Monday, 11 July 2011  | Doug Hynd

I didn't watch the ABC documentary on the Tampa last night because that issue is one of those guaranteed to make me very angry - I feared it would become "a near occasion for sin".

However I did find myself drawn into watching some of the Q&A afterwards. As I thought about the way the questions and responses went it occurred to me that the lack of clarity about the numbers of people who are refugees and the different categories of refugee enabled us, as Australians debating the issues to avoid facing some important questions.

No matter how large the numbers of those seeking asylum are on a global scale, they are nowhere near the total number of refugees across the globe. Many are displaced people within their own countries. Many more are displaced people outside the land of their origin who want to go home.

The moral issue of how we deal with asylum seekers and refugees who seek to come to Australia is important. No question but we need some perspective here. The number of people coming via boats is in the order of 2-3,000 per annum at the moment. The number who seek asylum after arriving in Australia by air is around 9,000 per annum. The fear and anger in the Australian community over this number of people coming by boats is out of all proportion to the numbers involved - contra Scott Morrison.

Surveys have shown that most members of the Australian community think the numbers involved are much larger, 100 times larger and neither of the major political parties have seen fit to get out there and educate people about the facts. Instead we have appeals to fear and prejudice and blatant attempts to de-humanise the people involved. Why we are so vulnerable on this point is an issue that needs thought and self critical reflection that will take us beyond simply using labels like xenophobia as David Marr did last night.

Beyond that the focusing on the relatively small group of asylum seekers coming by boat enables us to dodge consideration of the reality of the much larger groups of displaced people in the world and our implication as a nation or as consumers in helping create the situation that led to that displacement.

For example, our involvement in the war in Iraq helped fuel a massive displacement of people both within and outside Iraq. Our ongoing involvement in the war in Afghanistan implicates us not only in the creation of Afghan refugees but also in the flow on effects in Pakistan and the displacement of people within that country.

On the economic front some of the immense displacement of people in the Democratic Republic of Congo and surrounding countries in the Great Lakes region of Africa has been fuelled by the push for minerals to sustain our consumption of the goods in which they are incorporated and I won't even go on to discuss the displacement of people in civil wars arising from struggles for the control of diamonds.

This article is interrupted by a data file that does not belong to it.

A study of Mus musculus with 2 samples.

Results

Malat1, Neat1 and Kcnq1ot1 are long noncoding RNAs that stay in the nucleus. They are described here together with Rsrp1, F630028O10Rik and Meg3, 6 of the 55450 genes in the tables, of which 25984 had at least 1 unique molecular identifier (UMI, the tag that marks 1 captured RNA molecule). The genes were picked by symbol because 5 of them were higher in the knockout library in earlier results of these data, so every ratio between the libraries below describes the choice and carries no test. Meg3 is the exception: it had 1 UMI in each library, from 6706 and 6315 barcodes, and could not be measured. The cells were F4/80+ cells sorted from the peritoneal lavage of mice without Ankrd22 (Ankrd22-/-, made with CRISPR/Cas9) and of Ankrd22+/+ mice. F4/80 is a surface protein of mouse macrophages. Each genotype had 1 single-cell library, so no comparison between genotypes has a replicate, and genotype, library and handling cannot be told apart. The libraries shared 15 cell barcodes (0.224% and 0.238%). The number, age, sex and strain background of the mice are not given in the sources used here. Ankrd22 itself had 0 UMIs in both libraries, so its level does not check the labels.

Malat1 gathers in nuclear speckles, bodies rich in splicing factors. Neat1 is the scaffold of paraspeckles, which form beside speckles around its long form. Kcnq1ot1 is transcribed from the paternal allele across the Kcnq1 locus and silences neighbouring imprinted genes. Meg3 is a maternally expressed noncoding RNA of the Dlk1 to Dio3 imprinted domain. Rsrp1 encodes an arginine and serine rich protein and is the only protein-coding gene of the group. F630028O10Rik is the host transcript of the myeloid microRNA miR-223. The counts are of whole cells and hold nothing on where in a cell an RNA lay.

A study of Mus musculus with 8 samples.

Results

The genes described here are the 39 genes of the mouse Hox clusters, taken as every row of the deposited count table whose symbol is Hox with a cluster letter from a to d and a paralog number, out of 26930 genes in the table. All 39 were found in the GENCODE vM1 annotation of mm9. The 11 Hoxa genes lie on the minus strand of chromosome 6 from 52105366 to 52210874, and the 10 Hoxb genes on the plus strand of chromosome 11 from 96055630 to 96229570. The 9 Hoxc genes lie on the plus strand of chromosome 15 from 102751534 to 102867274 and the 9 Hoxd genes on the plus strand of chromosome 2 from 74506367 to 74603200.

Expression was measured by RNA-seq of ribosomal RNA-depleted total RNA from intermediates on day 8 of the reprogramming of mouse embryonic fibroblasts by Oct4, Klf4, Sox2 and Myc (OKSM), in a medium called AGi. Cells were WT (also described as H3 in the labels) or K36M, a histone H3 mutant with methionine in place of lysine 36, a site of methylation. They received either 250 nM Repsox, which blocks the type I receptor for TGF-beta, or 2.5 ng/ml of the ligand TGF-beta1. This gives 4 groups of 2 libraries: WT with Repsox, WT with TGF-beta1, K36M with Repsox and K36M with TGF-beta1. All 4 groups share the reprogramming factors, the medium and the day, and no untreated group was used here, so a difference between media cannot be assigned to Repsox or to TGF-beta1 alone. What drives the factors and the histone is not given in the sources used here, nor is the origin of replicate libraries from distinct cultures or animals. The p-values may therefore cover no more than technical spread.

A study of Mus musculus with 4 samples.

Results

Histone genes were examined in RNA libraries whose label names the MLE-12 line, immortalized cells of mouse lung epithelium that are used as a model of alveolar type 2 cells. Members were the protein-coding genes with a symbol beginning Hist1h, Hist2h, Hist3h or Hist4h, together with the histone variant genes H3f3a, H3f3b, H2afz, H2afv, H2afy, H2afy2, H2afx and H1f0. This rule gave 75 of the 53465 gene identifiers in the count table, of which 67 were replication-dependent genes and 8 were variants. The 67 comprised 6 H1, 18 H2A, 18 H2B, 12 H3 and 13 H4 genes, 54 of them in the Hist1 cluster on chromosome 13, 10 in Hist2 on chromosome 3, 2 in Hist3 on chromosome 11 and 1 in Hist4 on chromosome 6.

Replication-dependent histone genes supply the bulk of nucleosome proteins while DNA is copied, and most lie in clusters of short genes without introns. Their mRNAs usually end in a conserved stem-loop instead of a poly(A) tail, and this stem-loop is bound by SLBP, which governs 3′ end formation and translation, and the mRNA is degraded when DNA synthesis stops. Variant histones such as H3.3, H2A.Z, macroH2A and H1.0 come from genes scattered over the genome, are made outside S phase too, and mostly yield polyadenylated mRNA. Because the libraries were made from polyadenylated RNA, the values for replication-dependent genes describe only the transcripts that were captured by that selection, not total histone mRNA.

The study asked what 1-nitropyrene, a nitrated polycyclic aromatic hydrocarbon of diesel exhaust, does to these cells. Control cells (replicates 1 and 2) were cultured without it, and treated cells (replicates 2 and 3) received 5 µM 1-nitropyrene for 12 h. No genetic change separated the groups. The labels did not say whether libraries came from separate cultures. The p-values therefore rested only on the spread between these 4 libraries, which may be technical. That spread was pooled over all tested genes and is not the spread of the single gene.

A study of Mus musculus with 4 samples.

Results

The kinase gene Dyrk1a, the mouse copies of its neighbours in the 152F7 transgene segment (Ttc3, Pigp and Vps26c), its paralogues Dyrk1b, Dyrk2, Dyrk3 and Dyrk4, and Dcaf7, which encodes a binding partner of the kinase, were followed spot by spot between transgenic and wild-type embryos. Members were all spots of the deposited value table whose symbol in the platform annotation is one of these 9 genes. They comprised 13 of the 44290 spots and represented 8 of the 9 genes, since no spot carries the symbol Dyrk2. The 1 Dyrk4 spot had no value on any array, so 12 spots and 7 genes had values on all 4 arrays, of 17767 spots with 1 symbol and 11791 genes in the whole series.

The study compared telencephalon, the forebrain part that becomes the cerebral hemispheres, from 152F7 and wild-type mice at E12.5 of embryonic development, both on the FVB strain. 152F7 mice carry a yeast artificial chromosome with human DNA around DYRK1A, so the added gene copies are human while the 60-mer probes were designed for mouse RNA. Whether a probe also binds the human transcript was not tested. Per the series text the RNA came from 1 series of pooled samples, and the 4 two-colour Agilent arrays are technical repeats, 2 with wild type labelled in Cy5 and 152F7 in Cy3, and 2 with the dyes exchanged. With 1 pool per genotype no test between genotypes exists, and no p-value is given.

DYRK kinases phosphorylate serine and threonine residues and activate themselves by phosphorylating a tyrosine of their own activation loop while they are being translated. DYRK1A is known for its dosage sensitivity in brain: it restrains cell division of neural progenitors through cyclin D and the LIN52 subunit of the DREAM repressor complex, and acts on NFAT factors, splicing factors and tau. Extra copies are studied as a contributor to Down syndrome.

So by all means let us explore thoughtfully the issue of how we as a nation-state are to respond to the claims of the vulnerable and displaced who come seeking asylum. Let us not become so obsessed that we assume that even achieving a relatively just and compassionate policy will exhaust our responsibility towards the displaced people across the globe. We are all deeply implicated in their condition. We are, more truly and deeply than we might want to acknowledge, our brother's and sister's keepers.


Doug Hynd recently retired as a senior public servant in Canberra and about to start PhD studies in theology.


This article first appeared in Subversive Voices,

http://doug-subversivevoices.blogspot.com/2011/07/tragedy-of-asylum-seekers-and-displace.html on 8th July 2011. Used by permission.


Keith Binns
July 12, 2011, 4:49PM
G'day Doug. Sense as usual from your mighty pen. I think that the worst thing (among so many) that Howard did was to use and encourage the worst in people (in this case racism and the fear of the other) for his own cynical political advantage. It is a tragedy that Labor has not seen fit to totally reject this appalling aspect of Australian culture.
Ken D
July 12, 2011, 11:41PM
Yes, let's reconsider our perspective and the bases for community fears. And lets take time to listen to refugee stories and value the possibility of offering space and opportunity in this land so they can rebuild their lives. So many talents they have to offer us and the world if we concentrated on helping them adapt to our language, culture and economy rather than spending all that money on razor wire and detention and legal quagmires.

With my prayers for a more compassionate response from church, community and governments.
Siu Fung Wu
July 13, 2011, 2:51PM
Thank you all for the article and comments. To me, the issues around asylum seekers and refugees in Australia is one of the most important moral issues we face. And I feel that the church needs to stand in solidarity with the genuine asylum seekers (which account for most of those who seek asylum in Australia). In our Christian community we have a good number of members who came to Australia as asylum seekers. We have experienced the pain of seeing some of them return to their former countries. We have also experienced the joy of seeing many of them getting their permanent resident visa. With these experiences - and with the clear biblical mandate to look after the oppressed, not least the foreigners among us - I feel strongly that we need to endeavour to have a much more compassionate policy in Australia.
July 13, 2011, 7:52PM
As with Siu Fung Wo I have some strong views on the moral claims of asylum seekers and the importance of developing a compassionate policy and am actively involved in a community group in Canberra that works to support people battling with the bureaucracy.

I was wanting to highlight that beyond that difficult task of advocacy and responding patiently to defuse community fear where we can the task in public policy terms does not end there.